03 Jan Injury blog: Patellofemoral Pain Syndrome
Hands up whose new year’s resolution was to get fit? Many of us launch into new exercise routines at this time of year without preparing properly or building up slowly. This can be particularly risky if you’ve not been exercising much up until you made this resolution as you are likely to have poor lower limb mechanics and/or a weak core, which make you susceptible to injury. One of the most common new year running regime injuries is Patellofemoral Pain Syndrome (PFPS).
What is Patellofemoral Pain Syndrome?
PFPS is an umbrella term for pain in and around the patella (kneecap). It is sometimes called “runner’s knee” or “jumper’s knee” because it is common in people who run or play sports, but it can affect anyone.
PFPS is most commonly caused by vigorous overuse of the knee, and jogging, squatting, even climbing stairs can be culprits. Suddenly changing or increasing the amount of physical activity you do can also put excess stress on the knee, leading to PFPS, as can using inappropriate equipment or footwear. PFPS can also be caused by incorrect alignment of the patella.
If you’re experiencing PFPS, you’re likely to have pain in your knee that gets worse when you sit, climb stairs, run or squat. The pain can be felt anywhere around the knee.
What can you do about PFPS?
If you’re experiencing pain in your knee that you think could be PFPS, stop doing the activities that are causing you pain until you feel better. This might mean switching to low impact exercise for a while. Use the POLICE method:
Protect – avoid making the painful knee worse by stopping the activity you are doing
Optimal Loading – keep moving the joint as pain allows (don’t become a couch potato!)
Ice – use cold packs for 20 minutes, two to three times per day
Compression – a knee bandage can help prevent swelling (your physio can advise on the best one)
Elevate – whenever you can, rest with your knee supported in a position higher than your heart
See your physiotherapist to check the severity and type of the injury and see what needs to be done to help you recover.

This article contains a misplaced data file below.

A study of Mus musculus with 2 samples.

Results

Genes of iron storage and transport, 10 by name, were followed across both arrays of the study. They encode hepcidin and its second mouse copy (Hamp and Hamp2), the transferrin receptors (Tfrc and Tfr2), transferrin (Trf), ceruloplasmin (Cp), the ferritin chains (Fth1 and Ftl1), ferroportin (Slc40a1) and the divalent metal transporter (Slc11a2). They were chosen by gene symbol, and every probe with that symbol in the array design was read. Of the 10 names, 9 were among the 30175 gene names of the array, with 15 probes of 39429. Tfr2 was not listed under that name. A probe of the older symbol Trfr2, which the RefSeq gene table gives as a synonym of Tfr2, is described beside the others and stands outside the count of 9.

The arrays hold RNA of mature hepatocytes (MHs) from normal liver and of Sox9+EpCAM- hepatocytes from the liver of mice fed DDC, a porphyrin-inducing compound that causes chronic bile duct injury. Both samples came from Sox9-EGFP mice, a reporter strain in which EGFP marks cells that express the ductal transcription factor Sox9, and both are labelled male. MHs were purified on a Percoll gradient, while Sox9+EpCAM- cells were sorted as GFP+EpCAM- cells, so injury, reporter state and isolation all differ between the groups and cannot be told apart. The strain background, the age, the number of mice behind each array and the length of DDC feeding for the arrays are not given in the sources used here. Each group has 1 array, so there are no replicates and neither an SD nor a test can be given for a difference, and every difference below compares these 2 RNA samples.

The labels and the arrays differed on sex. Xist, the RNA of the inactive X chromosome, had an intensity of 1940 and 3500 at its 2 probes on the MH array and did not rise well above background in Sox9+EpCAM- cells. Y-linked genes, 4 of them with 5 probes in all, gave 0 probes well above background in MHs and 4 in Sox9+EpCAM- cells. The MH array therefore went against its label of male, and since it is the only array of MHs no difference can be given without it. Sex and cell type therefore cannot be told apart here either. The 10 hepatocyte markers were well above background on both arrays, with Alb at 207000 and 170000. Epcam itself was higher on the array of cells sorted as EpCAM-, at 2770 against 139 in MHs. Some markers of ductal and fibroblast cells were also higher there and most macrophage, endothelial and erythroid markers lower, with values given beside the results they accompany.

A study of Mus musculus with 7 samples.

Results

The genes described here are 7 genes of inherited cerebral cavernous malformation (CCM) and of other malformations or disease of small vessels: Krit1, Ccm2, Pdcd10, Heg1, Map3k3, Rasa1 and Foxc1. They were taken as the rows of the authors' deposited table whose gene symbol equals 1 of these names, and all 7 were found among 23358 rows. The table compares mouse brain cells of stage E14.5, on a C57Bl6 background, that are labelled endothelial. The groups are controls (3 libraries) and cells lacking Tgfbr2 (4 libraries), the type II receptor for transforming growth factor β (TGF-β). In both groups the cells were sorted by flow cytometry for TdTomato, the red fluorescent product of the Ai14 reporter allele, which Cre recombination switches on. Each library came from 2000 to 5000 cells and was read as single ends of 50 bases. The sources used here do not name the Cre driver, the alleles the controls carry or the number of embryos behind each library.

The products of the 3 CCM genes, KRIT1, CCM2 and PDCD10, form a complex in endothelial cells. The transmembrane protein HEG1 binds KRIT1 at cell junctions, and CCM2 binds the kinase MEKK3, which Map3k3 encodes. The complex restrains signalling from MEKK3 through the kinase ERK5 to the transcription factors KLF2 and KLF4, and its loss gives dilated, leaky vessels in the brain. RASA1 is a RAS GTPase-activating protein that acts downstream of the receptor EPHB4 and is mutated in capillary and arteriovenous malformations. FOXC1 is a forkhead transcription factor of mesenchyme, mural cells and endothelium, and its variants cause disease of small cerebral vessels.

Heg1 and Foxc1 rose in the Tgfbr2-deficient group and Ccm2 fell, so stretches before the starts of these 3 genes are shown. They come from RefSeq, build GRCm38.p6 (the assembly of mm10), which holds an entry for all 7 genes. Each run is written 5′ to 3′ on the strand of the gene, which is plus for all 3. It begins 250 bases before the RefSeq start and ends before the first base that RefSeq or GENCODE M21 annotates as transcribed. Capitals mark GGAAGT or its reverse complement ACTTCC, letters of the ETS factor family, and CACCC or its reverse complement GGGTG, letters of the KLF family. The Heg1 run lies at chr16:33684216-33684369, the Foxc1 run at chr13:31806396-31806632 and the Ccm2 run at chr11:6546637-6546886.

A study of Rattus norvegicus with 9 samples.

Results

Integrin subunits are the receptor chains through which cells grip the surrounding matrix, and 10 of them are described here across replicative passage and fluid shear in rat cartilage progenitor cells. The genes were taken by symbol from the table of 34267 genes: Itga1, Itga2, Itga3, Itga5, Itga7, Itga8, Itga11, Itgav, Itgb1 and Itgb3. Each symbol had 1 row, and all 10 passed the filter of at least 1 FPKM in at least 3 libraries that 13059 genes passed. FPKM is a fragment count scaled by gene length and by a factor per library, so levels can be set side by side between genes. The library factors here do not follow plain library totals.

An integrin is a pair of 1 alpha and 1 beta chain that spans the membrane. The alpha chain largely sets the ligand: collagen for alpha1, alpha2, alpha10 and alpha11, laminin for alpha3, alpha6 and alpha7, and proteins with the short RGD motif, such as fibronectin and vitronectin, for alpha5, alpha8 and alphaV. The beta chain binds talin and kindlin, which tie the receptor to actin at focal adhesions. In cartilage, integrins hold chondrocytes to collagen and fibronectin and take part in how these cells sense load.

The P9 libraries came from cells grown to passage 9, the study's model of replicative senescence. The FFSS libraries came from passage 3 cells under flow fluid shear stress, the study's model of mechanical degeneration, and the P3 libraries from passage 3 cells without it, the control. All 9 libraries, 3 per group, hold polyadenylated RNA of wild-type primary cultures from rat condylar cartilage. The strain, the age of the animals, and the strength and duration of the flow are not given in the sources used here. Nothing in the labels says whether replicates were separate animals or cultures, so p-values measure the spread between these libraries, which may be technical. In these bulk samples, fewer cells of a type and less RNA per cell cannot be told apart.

How can a physiotherapist help with Patellofemoral Pain Syndrome?
Your physio will examine you to determine exactly what is causing the pain and where the specific problem lies. As there are a number of tendons and muscles in this area that could be affected, you need to know exactly what the problem is before it can be addressed.
Depending on the nature of your problem, there are a range of exercises that your physio might suggest to help strengthen and stabilise the area, as well as helping you regain movement. Manual therapy and massage may also help reduce pain and recover motion.
Your physio will be able to advise as to whether you need any bandages, taping or support equipment, and which ones are right for you. They will also advise on whether you’re wearing the right shoes, using the right equipment and following the best training regime to reduce the likelihood of the problem coming back.
What can you do to prevent PFPS?
If you think you might be at risk from Patellofemoral Pain Syndrome, the best things you can do to reduce your chances of injury are:
- Introduce a new training regime or a change in activity slowly – get physiotherapist advice on putting your activity plan in place
- Get expert guidance to make sure your footwear is appropriate and supportive, and that you’re using any equipment correctly
- Maintain a healthy weight to avoid putting excess strain on your knees
- Warm up thoroughly before exercising
- Stretch your quads and hamstrings before and after exercise
- Don’t push yourself – if you’re exercising and your knee (or anything else for that matter) begins to hurt, stop, and get on the phone to us!
If your new year’s resolution is to get more active, let us help you plan a training regime that is sustainable – rather than one that will have to be called off after five weeks when you’ve damaged something! Give us a call on (02) 9438 1782 or email email@example.com so we can set you on a course for long-term success.